Abstract 16049: Trends in Cause of Long-Term Death After Percutaneous Coronary Intervention
Background: The impact of changing demographics upon causes of long-term death after percutaneous coronary intervention (PCI) remains incompletely defined.
Methods: We evaluated secular trends in cause-specific long-term mortality after index PCI performed at a single center between 1991 and 2008. Deaths were ascertained by prospective surveillance. Final date of follow-up was 12/31/12. Cause of death was determined via telephone interviews and review of records, autopsy reports and death certificates. Competing-risks analysis of causes of long-term death was performed across three eras of PCI (1991-96, 1997-02, 2003-08). A separate adjusted analysis was performed by strata-weighting for age, gender, cardiac and non-cardiac variables and single vs multivessel disease across eras.
Results: 19,077 patients survived PCI-hospitalization, of whom 6,988 subsequently died (37%, 4.48 per 100 person-yrs). Cause of death was determined in 6,857 (98.1%). Across three time-periods there was a 33% decline in cardiac deaths at 5 yrs after PCI (incidence 9.8%, 7.4%, 6.6%) but a 57% increase in non-cardiac deaths (7.1%, 8.5%, 11.2%). A population study of local residents undergoing PCI exhibited near identical temporal changes. Similar trends were observed in every age group, in single and multivessel disease and whether PCI was performed for stable or acute coronary syndromes. Strata-weighted comparisons across three eras indicated a 50% decline in the incidence of cardiac deaths at 5yrs (8.2%, 5.5%, 4.1%) whereas the incidence of non-cardiac deaths remained relatively stable (7.5%, 7.1%, 8.1%).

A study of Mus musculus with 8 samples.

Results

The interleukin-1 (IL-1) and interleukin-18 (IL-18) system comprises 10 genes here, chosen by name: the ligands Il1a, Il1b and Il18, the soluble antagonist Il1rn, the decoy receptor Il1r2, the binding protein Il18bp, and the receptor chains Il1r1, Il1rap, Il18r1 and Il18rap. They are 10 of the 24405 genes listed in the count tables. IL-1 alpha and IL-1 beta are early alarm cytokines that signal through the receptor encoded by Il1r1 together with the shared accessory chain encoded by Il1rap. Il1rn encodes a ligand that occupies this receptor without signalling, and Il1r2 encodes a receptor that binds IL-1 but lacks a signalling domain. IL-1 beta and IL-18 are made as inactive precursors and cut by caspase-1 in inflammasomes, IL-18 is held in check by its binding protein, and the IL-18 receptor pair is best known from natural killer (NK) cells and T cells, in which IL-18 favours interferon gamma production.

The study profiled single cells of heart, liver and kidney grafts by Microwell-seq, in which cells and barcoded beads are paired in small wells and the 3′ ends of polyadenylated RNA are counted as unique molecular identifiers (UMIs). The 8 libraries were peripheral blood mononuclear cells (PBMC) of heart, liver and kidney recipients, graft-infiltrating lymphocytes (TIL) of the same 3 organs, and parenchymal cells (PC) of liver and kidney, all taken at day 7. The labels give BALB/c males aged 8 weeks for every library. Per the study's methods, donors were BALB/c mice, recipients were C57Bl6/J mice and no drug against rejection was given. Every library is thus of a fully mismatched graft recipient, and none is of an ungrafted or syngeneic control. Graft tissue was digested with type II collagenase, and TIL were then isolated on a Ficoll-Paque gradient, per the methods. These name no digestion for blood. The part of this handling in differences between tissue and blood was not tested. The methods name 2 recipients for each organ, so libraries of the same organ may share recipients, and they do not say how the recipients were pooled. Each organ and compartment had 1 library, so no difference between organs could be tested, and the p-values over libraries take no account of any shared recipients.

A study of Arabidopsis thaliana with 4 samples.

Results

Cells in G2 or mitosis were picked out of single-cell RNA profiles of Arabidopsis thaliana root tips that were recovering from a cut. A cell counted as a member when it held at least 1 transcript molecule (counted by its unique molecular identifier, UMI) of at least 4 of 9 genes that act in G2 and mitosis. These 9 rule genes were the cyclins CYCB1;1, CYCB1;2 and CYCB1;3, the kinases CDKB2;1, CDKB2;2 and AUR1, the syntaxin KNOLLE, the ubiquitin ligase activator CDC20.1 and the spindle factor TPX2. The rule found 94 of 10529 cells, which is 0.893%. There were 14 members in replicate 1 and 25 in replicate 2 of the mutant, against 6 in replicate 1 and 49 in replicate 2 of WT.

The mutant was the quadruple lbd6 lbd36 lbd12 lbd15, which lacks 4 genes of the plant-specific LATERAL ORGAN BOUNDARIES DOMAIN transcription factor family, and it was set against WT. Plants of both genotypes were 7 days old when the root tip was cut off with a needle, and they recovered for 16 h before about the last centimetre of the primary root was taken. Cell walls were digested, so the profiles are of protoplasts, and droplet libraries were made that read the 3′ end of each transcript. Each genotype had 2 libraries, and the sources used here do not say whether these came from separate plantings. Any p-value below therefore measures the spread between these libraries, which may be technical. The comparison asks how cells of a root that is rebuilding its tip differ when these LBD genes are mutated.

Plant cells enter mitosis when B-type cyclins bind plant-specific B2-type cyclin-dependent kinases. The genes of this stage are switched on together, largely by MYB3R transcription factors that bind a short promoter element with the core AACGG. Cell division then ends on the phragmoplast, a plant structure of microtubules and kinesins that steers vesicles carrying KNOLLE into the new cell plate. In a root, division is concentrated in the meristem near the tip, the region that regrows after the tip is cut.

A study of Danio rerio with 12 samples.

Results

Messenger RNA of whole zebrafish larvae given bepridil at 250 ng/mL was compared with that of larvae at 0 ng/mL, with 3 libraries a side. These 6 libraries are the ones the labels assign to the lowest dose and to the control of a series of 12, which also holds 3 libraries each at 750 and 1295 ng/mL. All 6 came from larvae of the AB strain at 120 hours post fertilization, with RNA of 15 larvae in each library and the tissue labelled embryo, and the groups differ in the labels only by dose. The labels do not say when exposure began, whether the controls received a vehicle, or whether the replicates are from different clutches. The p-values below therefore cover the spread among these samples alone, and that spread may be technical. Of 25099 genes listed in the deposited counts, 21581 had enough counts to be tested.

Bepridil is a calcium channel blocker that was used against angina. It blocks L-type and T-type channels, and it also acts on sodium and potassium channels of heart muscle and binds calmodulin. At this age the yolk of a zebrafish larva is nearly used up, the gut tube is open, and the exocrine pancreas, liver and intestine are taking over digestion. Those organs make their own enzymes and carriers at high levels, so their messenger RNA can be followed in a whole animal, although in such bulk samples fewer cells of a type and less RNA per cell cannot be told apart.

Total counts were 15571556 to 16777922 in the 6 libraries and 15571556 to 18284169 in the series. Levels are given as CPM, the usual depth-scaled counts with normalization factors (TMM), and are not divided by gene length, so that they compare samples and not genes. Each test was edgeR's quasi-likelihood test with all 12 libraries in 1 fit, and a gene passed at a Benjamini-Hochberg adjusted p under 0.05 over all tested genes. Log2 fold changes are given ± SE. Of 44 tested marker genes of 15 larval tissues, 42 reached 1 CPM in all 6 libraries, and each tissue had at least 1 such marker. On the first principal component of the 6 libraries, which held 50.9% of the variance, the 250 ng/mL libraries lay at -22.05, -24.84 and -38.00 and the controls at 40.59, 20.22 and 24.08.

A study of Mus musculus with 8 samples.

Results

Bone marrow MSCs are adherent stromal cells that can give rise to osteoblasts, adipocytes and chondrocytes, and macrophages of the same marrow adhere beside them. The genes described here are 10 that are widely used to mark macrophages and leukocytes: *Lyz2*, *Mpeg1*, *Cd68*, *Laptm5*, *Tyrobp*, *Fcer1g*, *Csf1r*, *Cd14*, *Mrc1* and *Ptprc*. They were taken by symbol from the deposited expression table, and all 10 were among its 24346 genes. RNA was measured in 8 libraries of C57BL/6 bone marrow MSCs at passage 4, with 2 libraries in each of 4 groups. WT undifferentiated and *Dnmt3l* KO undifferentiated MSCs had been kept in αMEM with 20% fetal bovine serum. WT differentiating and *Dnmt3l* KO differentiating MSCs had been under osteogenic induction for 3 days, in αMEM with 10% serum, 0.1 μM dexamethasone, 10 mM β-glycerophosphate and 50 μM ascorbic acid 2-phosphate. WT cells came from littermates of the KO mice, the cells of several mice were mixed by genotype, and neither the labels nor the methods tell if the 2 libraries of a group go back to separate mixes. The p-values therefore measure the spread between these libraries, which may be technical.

Conclusions: This single-center study found a marked temporal switch from predominantly cardiac to predominantly non-cardiac causes of long-term death after PCI. Generalizability of the findings is supported by similar trends occurring in a local resident population, as well as in multiple subgroups undergoing PCI. Weighted adjustment suggests the temporal decline in cardiac mortality is independent of changes in measured clinical characteristics, whereas the rise in non-cardiac mortality may be related to an increased prevalence of non-cardiac disease at baseline. These findings have implications for care of patients with established coronary disease.
- © 2013 by American Heart Association, Inc.